In many cases, shopping online comes with a major perk—online purchases are not subject to sales tax. While online purchases are not subject to sales tax, they are generally subject to use tax. Use tax is not charged by the online seller, but shoppers in many states are required to report purchases subject to use tax on their personal tax returns and pay the use tax liability along with filing their state tax returns. As you can guess, compliance with this requirement is very low.
States are obviously not happy because they are not able to collect sales tax from online retailers and because online buyers are not reporting their purchases that are subject to use tax. It’s estimated that online sales surpassed $409 billion last year and according to the U.S. Government Accountability Office, states lose between $8 billion and $33 billion every year.
The reason states are not able to collect sales tax from many online retailers is because a retailer must have a physical presence in the state before the retailer is subject to the sales tax collection requirement. The Supreme Court in two older cases held that the Constitution requires a physical presence before a business can be subject to a state’s sales tax jurisdiction. Physical presence could include a retail location, warehouse, employees, or delivery vans in a state.
In-state retailers are also not happy because online retailers are effectively able to sell their products at a discount because no sales tax is imposed.
The Times Are a Changin’
In 2016, South Dakota declared a fiscal emergency based on its inability to collect sales tax from remote sellers. To combat this, South Dakota passed a law that requires out-of-state sellers to collect and remit sales tax as if they had a physical presence in the state. The statute applies to retailers that (1) deliver more than $100,000 of goods or services (yes, South Dakota imposes a sales tax on services) into the state or (2) engage in 200 or more transactions for delivery of goods or services into the state.
South Dakota was challenging the physical presence requirement for sales tax. The case was recently decided in the Supreme Court of the U.S. In South Dakota vs. Wayfair, Inc. the Supreme Court sided with South Dakota, ruling that the physical presence requirement is outdated. Given advances in technology, a business may be present in a state in a meaningful way without being physically present in that state.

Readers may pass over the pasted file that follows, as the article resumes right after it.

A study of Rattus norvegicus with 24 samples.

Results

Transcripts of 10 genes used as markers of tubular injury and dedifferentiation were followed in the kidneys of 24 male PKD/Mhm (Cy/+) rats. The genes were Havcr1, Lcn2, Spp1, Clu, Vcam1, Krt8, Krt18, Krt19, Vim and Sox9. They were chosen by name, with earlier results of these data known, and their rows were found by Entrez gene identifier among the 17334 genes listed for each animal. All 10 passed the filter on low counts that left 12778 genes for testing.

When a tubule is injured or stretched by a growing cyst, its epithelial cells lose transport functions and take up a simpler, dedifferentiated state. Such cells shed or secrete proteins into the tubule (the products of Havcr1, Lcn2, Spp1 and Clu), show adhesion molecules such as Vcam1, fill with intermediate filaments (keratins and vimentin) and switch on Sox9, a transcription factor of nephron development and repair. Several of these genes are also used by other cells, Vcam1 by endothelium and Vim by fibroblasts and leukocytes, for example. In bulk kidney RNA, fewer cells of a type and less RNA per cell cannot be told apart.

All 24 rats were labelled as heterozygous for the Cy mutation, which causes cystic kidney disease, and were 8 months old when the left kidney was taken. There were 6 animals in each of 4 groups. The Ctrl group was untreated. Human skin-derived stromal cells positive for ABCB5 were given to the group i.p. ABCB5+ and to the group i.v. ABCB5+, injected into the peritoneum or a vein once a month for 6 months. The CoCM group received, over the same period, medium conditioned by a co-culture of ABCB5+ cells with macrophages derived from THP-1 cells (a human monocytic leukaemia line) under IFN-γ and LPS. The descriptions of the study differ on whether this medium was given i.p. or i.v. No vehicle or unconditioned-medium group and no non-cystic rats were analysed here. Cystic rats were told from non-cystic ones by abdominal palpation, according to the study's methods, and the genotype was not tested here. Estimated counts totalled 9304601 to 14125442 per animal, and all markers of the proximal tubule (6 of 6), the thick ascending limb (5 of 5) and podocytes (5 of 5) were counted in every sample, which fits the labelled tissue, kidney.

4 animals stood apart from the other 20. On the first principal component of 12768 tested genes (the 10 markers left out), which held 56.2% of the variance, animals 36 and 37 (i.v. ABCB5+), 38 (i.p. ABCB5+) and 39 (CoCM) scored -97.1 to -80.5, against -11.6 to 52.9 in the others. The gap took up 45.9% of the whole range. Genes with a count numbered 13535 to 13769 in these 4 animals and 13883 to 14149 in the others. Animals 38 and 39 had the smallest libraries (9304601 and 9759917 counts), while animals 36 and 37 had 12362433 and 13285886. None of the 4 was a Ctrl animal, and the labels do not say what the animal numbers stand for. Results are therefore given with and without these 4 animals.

Example: Before Amazon.com opened a warehouse in Michigan it was not subject to sales tax in Michigan because it had no physical presence. Regardless of how powerful a presence it had in Michigan through its website it was not subject to sales tax liability in Michigan. However, a small retail shop located in Michigan would be subject to sales tax liability. Should a small retail shop be subject to sales tax even though Amazon.com has a much stronger presence in the state (albeit not a physical presence).
In the wake of Wayfair, the following items have to be kept in mind:
- States will likely change their sales tax laws to remove the physical presence requirement. Business owners selling into states where they do not have a physical presence should determine what the sales tax requirements are in those states to determine if they have a filing requirement. As states will update their laws in the coming months and years, regular reviews of state filing requirements should be conducted.
- States still are not free to do whatever they want. The Court in Wayfair pointed out that South Dakota’s statute has several features that pass muster under the Constitution. First, the law does not apply to businesses that do not meet the $100,000 sales threshold or the 200 transaction threshold. Also, South Dakota is a member of the Streamlined Sales and Use Tax Agreement, which reduces administrative costs by providing state-funded sales tax software. States that impose laws that do not have similar safeguards may find their laws invalid.